FIRST PERSON - Alex Magno - The Philippine Star

Today or tomorrow, things will be clear. In the meantime, we are back to the edge of our seats.

Last Tuesday, all the political Viber groups I belong to exploded with the news. First, Baste Duterte withdrew as Davao City vice mayoral candidate. Shortly after, Sara Duterte withdrew her candidacy for city mayor, endorsing her brother for the post.

The twin withdrawals would have otherwise been news of mere local importance except that Sara is now free to do other things. Having withdrawn her candidacy for mayor, all options are now open.

She will, of course, seek a national post. The only remaining suspense is whether she will run for president or vice president.

Seeking either of the top two posts was never inevitable. Contrary to the wild conspiracy theorists peddled by the poorly informed, there is no master playwright with a handy script here. Sara’s most ardent supporters hung by the thinnest of threads after the Davao City mayor declared she was staying on in Davao.

There were numerous impediments along Sara’s electoral path, not the least of which was her father.

First, the elder Duterte decreed the presidency was too harsh a job for his dear daughter. Then he decided he would run for vice president, putting in play a family agreement that only one of them would seek a national post. After that, he decided he did not want to seek the post after all and endorsed his loyal aide as his candidate of choice.

The sitting president was making haphazard decisions from the womb of his increasingly diminished universe. His courtesans, however, were unflinchingly executing every play called by their enfeebled coach. That was until it became clear that all these plays were leading the merry band to the dustbin.

It was while her father was insisting on calling all the shots that Sara Duterte remarked “the ship has left.” Whatever political plan she might have had was abandoned. She thanked her ardent supporters, basically signaling the army of volunteers to disband.

Sara’s contest with her father was like an unstoppable force meeting an immovable object. Both father and daughter were of the same stubborn stuff.

The fact that Sara now appears to be reentering the national electoral stage can only mean the immovable object has finally relented.

“Relented” might even be an understatement. On the afternoon Sara withdrew her candidacy for mayor, Rodrigo’s surrogate Bong Go broke down while speaking before a crowd. The next morning, PDP-Laban president Al Cusi issued the lamest of statements, saying Sara’s “actions, including any decision to run for a national elective office, will most certainly affect the political landscape.”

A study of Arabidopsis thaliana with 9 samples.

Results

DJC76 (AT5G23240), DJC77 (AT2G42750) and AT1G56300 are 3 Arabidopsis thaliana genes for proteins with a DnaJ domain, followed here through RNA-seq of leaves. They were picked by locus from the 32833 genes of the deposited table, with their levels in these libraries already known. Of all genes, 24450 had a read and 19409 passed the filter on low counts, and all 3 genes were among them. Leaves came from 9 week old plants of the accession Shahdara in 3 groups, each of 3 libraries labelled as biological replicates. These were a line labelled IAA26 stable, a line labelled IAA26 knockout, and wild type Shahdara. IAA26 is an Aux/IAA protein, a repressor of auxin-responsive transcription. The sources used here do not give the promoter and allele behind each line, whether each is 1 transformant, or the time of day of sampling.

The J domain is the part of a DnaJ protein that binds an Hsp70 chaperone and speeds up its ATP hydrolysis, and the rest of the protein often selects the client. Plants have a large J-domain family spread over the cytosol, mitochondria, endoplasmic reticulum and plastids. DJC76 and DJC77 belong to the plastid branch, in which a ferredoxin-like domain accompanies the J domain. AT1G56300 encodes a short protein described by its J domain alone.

Of course it will. The immovable object evaporated.


The paperwork for Sara Duterte to seek a national post by way of substitution will probably be routine. In Camarines Sur, the attempt by one candidate to enter the game by way of substitution will likely be troubled.

According to the grapevine, Rolando Andaya Jr., who filed as a candidate for representative, is likely to withdraw and run instead as provincial governor. To replace Andaya Jr. is his sister, former Pasig Mayor Maria Belen Andaya-Eusebio.

There should be no problem for Andaya Jr. substituting for someone else to run for governor. But there will be tons of problems for his sister, who is domiciled in Pasig and married to the political clan that once dominated this city’s politics.

To complete the substitution maneuver, Andaya-Eusebio needs to transfer her voting records from Pasig to Barangay Poblacion in Ragay town in Camarines Sur’s first district. She needs to convince the Comelec that she has indeed become a resident of the district in which she intends to run as representative.

Precedent is not in her favor.

In 2019, the Comelec denied Andaya-Eusebio’s petition to transfer her voter records from Barangay Rosario in Pasig to Barangay Puro Batia in Libmanan, a town in Camarines Sur’s second district. At that time, she was attempting to run as representative for the province’s second district.

The first time, the Comelec en banc decided she had not established residency in the district she wanted to run in. The Comelec’s ruling was upheld by the Court of Appeals when Andaya-Eusebio tried to have the poll body’s decision reversed. It was clear to the poll body and the court that her true residence was Pasig City where she and her husband Robert alternated for the mayoral post.

Andaya-Eusebio’s case for transferring her voting records is even weaker the second time around. She asked the Comelec to transfer her voting records last Oct. 30, the last day for the extended period for voters to register. But the deadline for filing of candidacies was Oct. 8. The window for substituting candidates cannot be used as a backdoor for non-qualified candidates to enter the game.

Furthermore, the rejected attempt to transfer her voting records at the second district in 2019 provides more ground to argue she was applying to transfer residency as a matter of political convenience. That runs against the grain of district representation. This should be an open-and-close case for the poll authorities.

Two residents of the district she wants to run in have filed a petition against Andaya-Eusebio substituting for her brother Andaya Jr. in the first district. Obvious as the conclusions might be in this petition, it will still be a test case to more firmly establish the rules for residency/domicile in our election laws.

In the 2008 Limbona vs Comelec case, the Supreme Court defined three conditions in determining residency. Andaya-Eusebio meets none of them.